My recent blog on the fact that those who most avidly supported Barack Obama during his campaign, cried in Grant Park, Chicago on election night, and flooded DC to be there for his inauguration, are nowhere to be seen as he struggles against the formidable odds financed by the Insurance industry and the obstructionist Republicans who shamelessly opppose anything he proposes, to pass legislation to help those millions without health care, without jobs and losing their unemployment benefits. Not only are they not there, they are themselves opposing his health care reform package. Bob Cesca discusses it on his blog BANTER WIRE:
"John Chait once again nails the progressive reaction to healthcare"
" "Without a doubt, Obama’s proposals would leave the health care system far short of what most progressives, myself included, would design in the absence of political constraints. But also without a doubt, it would lift the system far above the status quo that is the only near-term alternative. Here it is, the most dramatic improvement in social justice in at least four decades fighting for its life in the home stretch, and the left can barely be roused to fight for it. The somnolence is far from universal, but on the left there is at least as much passion against health care reform as for it." (from Don Chait blog on BALLON JUICE)
"I absolutely agree, of course. And I would only add that healthcare isn't the only thing that the progressive movement is failing to mobilize around. I've said it a million times, but it's worth repeating. We're being totally out-hustled by the wingnut right.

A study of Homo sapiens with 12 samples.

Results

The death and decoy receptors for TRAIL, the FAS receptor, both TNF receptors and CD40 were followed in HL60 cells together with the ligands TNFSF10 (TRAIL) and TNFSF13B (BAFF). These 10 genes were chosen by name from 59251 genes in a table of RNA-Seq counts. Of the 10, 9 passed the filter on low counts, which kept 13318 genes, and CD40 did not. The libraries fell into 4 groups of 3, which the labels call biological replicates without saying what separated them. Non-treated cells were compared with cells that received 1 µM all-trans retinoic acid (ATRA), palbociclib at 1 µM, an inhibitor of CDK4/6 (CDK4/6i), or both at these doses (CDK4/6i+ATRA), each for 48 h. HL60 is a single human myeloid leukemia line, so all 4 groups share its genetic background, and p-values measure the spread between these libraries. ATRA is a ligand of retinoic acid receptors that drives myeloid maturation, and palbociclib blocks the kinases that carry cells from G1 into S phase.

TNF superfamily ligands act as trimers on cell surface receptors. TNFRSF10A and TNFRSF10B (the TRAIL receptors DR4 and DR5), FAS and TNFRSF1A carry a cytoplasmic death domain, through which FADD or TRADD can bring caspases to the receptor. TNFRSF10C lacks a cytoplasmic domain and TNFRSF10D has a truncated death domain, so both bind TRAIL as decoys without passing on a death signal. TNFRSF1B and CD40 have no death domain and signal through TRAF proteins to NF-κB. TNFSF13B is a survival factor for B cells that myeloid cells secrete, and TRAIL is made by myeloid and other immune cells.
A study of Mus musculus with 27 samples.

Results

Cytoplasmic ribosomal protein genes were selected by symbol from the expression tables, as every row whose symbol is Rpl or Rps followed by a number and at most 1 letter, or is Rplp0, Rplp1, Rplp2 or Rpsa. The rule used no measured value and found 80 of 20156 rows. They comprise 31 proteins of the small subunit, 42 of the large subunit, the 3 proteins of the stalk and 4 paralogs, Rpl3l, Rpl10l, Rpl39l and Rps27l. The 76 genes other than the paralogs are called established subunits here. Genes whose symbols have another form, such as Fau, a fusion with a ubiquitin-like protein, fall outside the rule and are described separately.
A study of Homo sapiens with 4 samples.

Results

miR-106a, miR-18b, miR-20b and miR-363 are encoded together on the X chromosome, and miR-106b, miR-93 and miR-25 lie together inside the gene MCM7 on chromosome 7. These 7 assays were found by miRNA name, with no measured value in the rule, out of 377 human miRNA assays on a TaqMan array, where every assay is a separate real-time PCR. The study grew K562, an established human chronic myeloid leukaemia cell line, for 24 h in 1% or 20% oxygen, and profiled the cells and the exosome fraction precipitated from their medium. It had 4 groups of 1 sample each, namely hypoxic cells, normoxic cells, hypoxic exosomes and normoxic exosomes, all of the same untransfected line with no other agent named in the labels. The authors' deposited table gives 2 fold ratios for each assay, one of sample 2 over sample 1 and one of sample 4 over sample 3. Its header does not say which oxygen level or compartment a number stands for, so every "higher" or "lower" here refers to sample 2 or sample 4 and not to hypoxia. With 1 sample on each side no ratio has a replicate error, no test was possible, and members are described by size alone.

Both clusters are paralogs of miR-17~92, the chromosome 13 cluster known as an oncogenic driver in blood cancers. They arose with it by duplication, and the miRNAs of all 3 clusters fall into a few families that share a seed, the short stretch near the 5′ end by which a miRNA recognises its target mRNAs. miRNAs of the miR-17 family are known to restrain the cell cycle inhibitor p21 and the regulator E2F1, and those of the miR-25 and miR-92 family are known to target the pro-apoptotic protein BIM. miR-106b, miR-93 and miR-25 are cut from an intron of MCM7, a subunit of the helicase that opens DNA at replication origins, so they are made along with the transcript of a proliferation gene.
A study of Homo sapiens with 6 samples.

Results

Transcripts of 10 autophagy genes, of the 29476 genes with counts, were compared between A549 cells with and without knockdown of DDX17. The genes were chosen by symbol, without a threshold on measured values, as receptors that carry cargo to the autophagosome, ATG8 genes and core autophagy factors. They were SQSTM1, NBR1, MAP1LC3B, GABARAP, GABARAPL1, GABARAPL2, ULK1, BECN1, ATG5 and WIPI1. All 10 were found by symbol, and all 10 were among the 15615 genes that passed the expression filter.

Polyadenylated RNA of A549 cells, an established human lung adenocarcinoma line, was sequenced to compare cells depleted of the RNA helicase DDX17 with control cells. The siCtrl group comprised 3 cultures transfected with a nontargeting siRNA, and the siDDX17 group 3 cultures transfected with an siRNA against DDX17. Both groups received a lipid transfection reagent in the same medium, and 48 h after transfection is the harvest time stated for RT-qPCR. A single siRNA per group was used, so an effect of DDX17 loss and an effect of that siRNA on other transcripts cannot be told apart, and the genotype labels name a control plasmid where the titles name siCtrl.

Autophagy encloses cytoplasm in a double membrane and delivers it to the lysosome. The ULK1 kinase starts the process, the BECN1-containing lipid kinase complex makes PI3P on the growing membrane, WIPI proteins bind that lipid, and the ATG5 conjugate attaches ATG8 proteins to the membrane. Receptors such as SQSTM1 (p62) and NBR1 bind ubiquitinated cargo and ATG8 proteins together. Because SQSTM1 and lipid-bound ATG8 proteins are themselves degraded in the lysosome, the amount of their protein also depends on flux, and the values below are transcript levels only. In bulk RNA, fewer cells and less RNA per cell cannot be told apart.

What or who the hell are we holding out for? By staying home and whining, do we honestly think the president is going to move leftward? Or do we honestly believe that by walking away from the president, a more liberal president will materialize from thin air in 2012 or 2016 or whenever? I don't get it. As strong as we were in 2006 and, to a certain degree, 2008, we're equally as weak and potentially ineffectual in 2010.
Taken alone, the subsidy language in the healthcare bill(s) is such a massive policy shift for America -- it's unapologetic liberalism in full view of a nation where the word "liberal" is still taboo. Say nothing of other provisions like Bernie Sanders' health clinics and the single-payer state language.
There's a long list of additional successes from the past year -- progressive successes. But I think many of us became so ensconced in the outrage, griping and protest during the Bush years that we think we're entitled to everything we want -- AND NOW."
Posted By Bob Cesca | March 9, 2010 8:09 AM
My comment on this blog is that the points made are reinforcing the views held in a recent blog decrying the opposition that the President is facing on the left of his own party. As one who leans to the left, I find the latest statements from Michael Moore and Dennis Kucinich without any defense. With friends like these who needs enemies?